O.J. Simpson's close friend and former manager claimed Tuesday that Simpson did not in fact write the controversial book "If I Did It," which explores how Simpson would have hypothetically carried out the murders of Nicole Brown Simpson and Ron Goldman if he had actually committed the crime.
Simpson's longtime associate Norman Pardo joined HuffPost Live's Marc Lamont Hill on the 20th anniversary of the infamous police chase that grabbed the attention of millions as Simpson led the pack in his white Ford Bronco. During the interview, Pardo claimed Simpson only agreed to claim authorship of "If I Did It" for a $600,000 payout.
"If I Did It" was originally announced in 2006 and was planned to coincide with a television interivew, but the project was scrapped in November of that year by NewsCorp and its subsidiary ReganBooks amid intense public criticism. In July 2007, the family of Ron Goldman acquired rights to the book and announced they would publish it in an effort to satisfy what Simpson owed them for the 1997 wrongful death suit against him.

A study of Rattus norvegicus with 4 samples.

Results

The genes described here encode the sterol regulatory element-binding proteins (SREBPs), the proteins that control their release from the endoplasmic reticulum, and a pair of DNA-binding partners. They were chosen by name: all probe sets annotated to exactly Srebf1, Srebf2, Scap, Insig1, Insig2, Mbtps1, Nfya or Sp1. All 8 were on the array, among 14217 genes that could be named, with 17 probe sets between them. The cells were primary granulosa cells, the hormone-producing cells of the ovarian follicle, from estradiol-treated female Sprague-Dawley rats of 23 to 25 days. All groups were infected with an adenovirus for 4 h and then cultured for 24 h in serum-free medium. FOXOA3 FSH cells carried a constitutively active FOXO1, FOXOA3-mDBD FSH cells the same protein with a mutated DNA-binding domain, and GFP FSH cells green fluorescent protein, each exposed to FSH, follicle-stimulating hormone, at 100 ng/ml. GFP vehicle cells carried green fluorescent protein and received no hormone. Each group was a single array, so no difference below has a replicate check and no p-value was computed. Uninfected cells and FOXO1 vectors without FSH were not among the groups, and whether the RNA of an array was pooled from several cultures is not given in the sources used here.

Pardo told HuffPost Live that Simpson had no part in writing the book:
I remember when that book was coming out. O.J. called me. He said, 'Here's the deal,' because it was in the news that he was going to do an interview. I said, 'O.J., don't do it, it's stupid.' He said, 'Hey, they offered me $600,000 not to dispute that I [wrote] the book.' He said, 'That's cash.' I said, 'They're going to think you wrote it.' He said, 'So? Everybody thinks I'm a murderer anyway. They're not going to change their mind just because of a book.'
So who was actually behind the words in "If I Did It"?
"A ghostwriter for [the book's publisher] wrote the book. [O.J.] was going to do an interview to say, 'I wrote the book, blah blah blah,' and they give him money," Pardo said.
See the full HuffPost Live conversation with O.J. Simpson's former manager below.